Why Objects Are (Often) Easier to Find Than Sentients

In yesterday’s riff on search plotlines, I mentioned that search plotlines centered around sentient, motile targets (or attended objects) are generally more complicated than ones based around simple objects. It’s rather like my Things You Might Want To Know When riff on rescue missions versus heists; the organic angle adds a lot to the difficulty of finding and retrieving the goal.

Will you hold still already? The really nice thing about objects is that they don’t move; you can search an area, find nothing, and know with reasonable certainty that you won’t need to search that area again. Living creatures, on the other hand, move; even ones that don’t realize they’re being looked for are likely to wander all over the place while whoever’s looking for them is trying to figure out whether any place gone over with a fine-tooth comb will stay gone over.

Sentient things might not want to be found. Just plain things don’t generally care if you find them or not; caring is not in the nature of the inanimate. On the other hand, a motile intelligent item, a creature or a person might be entirely uninterested in being found, might only want to be found by a certain person or type of person, might not want to be found yet—regardless of the exact motivation, what this generally means is that such an entity is likely to be taking steps in order to stay hidden, further complicating the search.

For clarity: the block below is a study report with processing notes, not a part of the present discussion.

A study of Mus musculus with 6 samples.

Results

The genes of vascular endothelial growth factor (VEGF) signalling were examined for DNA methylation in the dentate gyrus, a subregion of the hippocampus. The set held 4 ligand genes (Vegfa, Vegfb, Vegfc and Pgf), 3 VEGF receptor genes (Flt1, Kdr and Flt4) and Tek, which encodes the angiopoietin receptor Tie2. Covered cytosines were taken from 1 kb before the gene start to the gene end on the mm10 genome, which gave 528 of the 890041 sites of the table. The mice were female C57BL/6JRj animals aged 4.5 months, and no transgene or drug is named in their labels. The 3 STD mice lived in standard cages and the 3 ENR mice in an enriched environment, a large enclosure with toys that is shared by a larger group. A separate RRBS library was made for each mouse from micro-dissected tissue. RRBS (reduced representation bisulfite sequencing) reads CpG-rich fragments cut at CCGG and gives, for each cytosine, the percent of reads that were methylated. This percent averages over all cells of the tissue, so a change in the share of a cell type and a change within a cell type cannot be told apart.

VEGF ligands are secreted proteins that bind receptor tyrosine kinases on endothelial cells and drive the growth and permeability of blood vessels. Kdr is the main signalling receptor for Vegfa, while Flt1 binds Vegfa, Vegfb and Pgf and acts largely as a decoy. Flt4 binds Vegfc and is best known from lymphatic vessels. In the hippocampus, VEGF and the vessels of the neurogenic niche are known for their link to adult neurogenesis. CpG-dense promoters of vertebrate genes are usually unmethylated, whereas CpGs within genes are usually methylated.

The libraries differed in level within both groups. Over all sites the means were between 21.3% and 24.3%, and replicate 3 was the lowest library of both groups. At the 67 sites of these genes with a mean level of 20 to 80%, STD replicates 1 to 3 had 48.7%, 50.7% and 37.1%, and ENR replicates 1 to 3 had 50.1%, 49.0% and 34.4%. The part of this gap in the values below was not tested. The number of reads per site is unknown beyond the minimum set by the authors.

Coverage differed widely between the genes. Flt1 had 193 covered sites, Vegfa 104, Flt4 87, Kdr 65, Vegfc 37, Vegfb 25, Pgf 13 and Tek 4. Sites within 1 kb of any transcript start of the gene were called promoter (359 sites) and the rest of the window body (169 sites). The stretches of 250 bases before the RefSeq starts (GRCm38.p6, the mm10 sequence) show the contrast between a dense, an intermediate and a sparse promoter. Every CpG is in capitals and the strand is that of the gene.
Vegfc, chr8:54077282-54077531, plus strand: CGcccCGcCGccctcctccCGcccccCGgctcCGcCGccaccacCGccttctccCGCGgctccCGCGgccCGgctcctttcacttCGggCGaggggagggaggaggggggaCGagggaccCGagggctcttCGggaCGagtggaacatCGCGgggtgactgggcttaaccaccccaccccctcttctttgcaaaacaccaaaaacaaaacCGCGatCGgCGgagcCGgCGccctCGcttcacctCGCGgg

For that matter, anything that can figure out who’s doing the searching can tailor the hiding accordingly. It might just be directly trying to counter the tactics that the people closest to them are using; on the other hand, if you’ve got multiple people searching for someone who doesn’t want to be found, the person hiding can play the searchers off against each other, using them as diversions and interference while making an escape. An inanimate object, on the other hand, will stay where it’s hidden unless picked up.

Something with a means of communication can ask for assistance. That gets you further complications: someone who isn’t a rival searcher might still be interfering with the hunt, because they’re being rewarded or because it seemed like the right thing to do.

To make matters worse, just because you’ve found a sentient target doesn’t mean they’re going to stay found. Objects don’t make a dash for it when your back is turned (or conk you upside the head to keep your back turned longer), and they certainly aren’t likely to play escape artist or trick their guards. Living creatures might—and it’s safest to assume that they will and plan accordingly.

Whether you’re writing, running or just running through a search plotline involving a living creature, keep these possibilities in mind; it’ll make the hunt a lot more interesting.